Jeff Childs – Sculptor
Jeff has been exhibiting regularly since 2003 at a range of venues around the country, from the Midlands down to the South Coast and the West Country, including London.
“Throughout my life I have always been involved in a wide spectrum of the creative arts. These include painting and drawing – the creation of pewter and stained glass wall plaques and jewellery, and the writing and performance of music and poetry. Then later, having gained a degree in psychology and sociology, together with further counselling qualifications, I worked within counselling and therapeutic settings. Part of this involved working with clients using art therapy. My interest in sculpture as a creative outlet then developed though my desire to portray aspects of the human experience in a three dimensional form.
The study of the person from within – how we are motivated and interact – to how we can be represented artistically, completes a circle that I am passionate about, and find forever absorbing and fascinating.
My influences are unashamedly classical, and I have drawn great inspiration from some of the great sculptors of the past, such as Michelangelo and Bernini – even into the modern period with Rodin. Although I portray contemporary women and prefer the everyday reality of the ordinary in my chosen poses, there is essentially no separation of today’s model from that of the Renaissance, Baroque and later periods, in that an unbroken line of humanity is captured in the uniqueness, energy and sensuality of the female form. With this in mind, my hope is that you will find my work both vibrant and appealing.”
The sculptural process involves a collaboration with others and the application of my own skills in order to produce each piece. I work closely with the life model, who brings her own feminine perspective and input, rather than just reacting passively to my direction. Ideas are generated during our work together, and I strive to capture the freshness and immediacy of those moments in the creation of the sculpture.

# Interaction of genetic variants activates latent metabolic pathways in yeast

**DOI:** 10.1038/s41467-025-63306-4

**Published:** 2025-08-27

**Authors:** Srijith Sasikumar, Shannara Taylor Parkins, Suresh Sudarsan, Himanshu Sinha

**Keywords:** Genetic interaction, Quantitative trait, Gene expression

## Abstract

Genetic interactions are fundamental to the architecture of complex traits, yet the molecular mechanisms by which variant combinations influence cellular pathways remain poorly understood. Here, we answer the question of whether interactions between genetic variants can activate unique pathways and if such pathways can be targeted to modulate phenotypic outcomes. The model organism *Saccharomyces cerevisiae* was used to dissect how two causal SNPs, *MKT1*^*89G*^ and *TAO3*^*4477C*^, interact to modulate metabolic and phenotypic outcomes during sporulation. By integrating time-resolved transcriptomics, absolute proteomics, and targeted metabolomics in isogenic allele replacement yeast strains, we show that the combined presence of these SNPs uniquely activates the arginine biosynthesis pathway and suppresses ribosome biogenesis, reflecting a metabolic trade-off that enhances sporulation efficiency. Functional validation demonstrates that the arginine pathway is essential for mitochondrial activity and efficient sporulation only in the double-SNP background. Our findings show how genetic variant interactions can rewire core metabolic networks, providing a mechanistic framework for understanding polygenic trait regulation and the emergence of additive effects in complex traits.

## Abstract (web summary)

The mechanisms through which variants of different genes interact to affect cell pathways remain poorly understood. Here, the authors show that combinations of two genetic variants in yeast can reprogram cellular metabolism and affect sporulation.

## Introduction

Creating each piece begins with collecting a series of ideas and drawing rough sketches. I then take many detailed photographs for each pose and those which I find the most aesthetically pleasing and meaningful are chosen to carry forward as sculptures. Using these images for reference, I then make a sturdy aluminium wire armature, or framework, which forms a simple outline of the proposed idea. The armature gives the work the necessary strength upon which to gradually build up the clay, or wax until I achieve the desired finer detail. I also refer back to my life model during the later stages of the work to ensure that have caught the essential mood of the work.
I am often asked ‘how long does it take to make a piece of sculpture?’ There is no easy answer. For example, a variable development period is always necessary in order to establish a worthwhile form, so I could not discount this as part of the overall process. Also, the time spent actually sculpting is not something I tend to dwell upon, as each piece has its own challenges and intricacies. To be overly concerned with time, would, in my mind, limit the necessary creative thought processes, and consequently risk diminishing the work. It is often the case that, as I proceed, I am inspired to make changes that move the sculpture forward from its original concept. In such ways, the eventual title I choose for the sculpture may remain stubbornly elusive until its final identity and form are resolved and then the title is revealed to me – often in an instant. Finally, my original finished work is taken to the fine art foundry, where a limited edition of bronze sculptures is created using the ‘lost wax casting process.